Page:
Pollution Exclusion in Insurance Policy Prevents Lawsuit

Pastor killed by carbon monoxide in church parsonage; wife is unable to sue for damages.

Key point 10-16.7. A liability insurance policy provides a church with a legal defense to lawsuits claiming that the church is responsible for an injury, and it will pay any adverse settlement or judgment up to the limit specified in the policy. Liability insurance policies exclude a number of claims. For example, some policies exclude injuries based on criminal or intentional acts and claims for punitive damages. A church has an obligation to promptly notify its insurer of any potential claim, and to cooperate with the insurer in its investigation of claims.

A federal appeals court ruled that a pollution exclusion in a church's liability insurance policy prevented the spouse of a pastor who was killed by carbon monoxide poisoning in the church parsonage from recovering any damages against the insurer. A pastor and his wife resided in their church's parsonage. One evening the parsonage's heating system malfunctioned and released carbon monoxide throughout the residence. The pastor died as a result of his exposure to the carbon monoxide, and his wife was seriously injured. The church had a multi-peril insurance policy and an umbrella policy. The multi-peril policy contained a pollution exclusion that excluded coverage for:

"Bodily injury" or "property damage" arising out of the actual, alleged or threatened discharge, dispersal, seepage, migration, release, or escape of pollutants:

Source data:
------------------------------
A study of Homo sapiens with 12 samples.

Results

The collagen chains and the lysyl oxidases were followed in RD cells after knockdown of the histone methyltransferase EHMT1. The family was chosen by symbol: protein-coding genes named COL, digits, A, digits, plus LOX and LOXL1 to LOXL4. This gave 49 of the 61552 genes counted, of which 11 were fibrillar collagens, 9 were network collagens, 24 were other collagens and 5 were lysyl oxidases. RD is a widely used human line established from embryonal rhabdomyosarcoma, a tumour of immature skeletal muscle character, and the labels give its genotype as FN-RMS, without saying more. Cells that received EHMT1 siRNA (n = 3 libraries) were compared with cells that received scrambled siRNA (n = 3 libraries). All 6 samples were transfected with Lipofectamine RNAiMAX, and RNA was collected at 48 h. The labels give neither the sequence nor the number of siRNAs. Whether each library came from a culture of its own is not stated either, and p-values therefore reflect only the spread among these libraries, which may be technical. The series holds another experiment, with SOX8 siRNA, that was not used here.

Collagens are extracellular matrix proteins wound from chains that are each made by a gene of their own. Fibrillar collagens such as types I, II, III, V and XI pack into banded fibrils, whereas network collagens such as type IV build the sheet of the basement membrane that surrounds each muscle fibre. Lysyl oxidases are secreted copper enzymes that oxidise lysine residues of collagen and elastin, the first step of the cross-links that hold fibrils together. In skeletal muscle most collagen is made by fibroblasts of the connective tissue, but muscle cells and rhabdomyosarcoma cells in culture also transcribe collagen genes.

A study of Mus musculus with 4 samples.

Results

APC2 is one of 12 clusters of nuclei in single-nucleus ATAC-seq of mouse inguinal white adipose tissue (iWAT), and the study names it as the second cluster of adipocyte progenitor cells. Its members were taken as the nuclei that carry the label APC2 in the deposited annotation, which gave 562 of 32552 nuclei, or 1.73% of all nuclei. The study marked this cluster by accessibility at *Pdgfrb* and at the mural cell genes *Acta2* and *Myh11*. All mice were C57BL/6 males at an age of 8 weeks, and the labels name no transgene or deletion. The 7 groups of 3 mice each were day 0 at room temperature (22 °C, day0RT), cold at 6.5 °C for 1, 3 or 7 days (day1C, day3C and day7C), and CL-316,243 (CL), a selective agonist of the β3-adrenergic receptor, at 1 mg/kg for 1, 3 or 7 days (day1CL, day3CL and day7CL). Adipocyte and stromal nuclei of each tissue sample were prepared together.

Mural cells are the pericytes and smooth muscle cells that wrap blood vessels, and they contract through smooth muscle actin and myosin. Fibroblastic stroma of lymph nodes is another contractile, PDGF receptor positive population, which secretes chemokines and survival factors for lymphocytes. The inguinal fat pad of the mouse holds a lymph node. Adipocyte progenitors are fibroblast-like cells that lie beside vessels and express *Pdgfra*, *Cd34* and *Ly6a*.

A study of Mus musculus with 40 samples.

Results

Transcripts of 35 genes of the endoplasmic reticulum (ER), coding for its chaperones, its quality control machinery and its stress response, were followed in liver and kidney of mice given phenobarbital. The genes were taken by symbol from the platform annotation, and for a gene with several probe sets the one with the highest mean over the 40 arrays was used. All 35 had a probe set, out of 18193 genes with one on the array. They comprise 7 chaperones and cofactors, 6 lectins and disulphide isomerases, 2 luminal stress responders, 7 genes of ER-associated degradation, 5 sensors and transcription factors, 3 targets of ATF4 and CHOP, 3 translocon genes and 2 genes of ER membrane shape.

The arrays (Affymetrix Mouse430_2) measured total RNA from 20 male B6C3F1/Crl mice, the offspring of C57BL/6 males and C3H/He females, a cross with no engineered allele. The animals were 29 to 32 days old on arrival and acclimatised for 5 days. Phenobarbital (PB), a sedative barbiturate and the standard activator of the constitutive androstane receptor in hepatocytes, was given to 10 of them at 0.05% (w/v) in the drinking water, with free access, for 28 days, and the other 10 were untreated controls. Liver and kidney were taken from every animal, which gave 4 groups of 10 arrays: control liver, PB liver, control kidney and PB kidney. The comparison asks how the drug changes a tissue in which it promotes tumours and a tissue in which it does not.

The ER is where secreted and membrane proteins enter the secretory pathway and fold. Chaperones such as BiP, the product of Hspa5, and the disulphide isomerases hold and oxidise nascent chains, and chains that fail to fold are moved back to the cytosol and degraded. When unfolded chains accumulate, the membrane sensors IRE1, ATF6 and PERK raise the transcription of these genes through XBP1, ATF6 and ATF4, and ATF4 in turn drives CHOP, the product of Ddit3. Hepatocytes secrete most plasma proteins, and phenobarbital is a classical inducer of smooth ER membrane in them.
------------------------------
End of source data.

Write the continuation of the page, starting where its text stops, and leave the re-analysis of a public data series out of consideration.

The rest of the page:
(a) At or from any premises, site, or location which is or was at any time owned or occupied by, or rented or loaned to, any insured.

The umbrella policy included identical language. "Pollutants" are defined under both policies as "any solid, liquid, gaseous or thermal irritant or contaminant, including smoke, vapor, soot, fumes, acids, alkalis, chemicals, and waste. Waste includes materials to be recycled, reconditioned, or reclaimed."

Although it was evident that the carbon monoxide had been emitted from the parsonage's heating system, the exact source and cause of the carbon monoxide leak were not clear. The surviving spouse (the "plaintiff") entered into a consent agreement in which she agreed not to "pursue or collect on any of the church's assets or assets of any members of the church, except for any rights to indemnity under any insurance policies." In exchange, the church assigned to the plaintiff all rights it had under its insurance policies.

A federal district court concluded that the pollution exclusions were unambiguous, that carbon monoxide was a "pollutant" as defined by the policies, and that the plaintiff's claims were not covered under the plain terms of the policies.

A federal appeals court agreed, noting that "as an appellate court reviewing terms of an insurance contract, we cannot say that the language of the pollution exclusion is ambiguous in any way. The language in the instant pollution exclusion is clear and susceptible of only one possible interpretation."

What This Means For Churches:

There are two points worth noting. First, be sure that any church-owned residences are thoroughly inspected periodically, including an inspection of the furnace each fall. Second, be familiar with the exclusions under church insurance policies, and consider obtaining excluded coverages through a special endorsement or separate policy. Clay Center Christian Church, 746 F.3d 375 (8th Cir. 2014).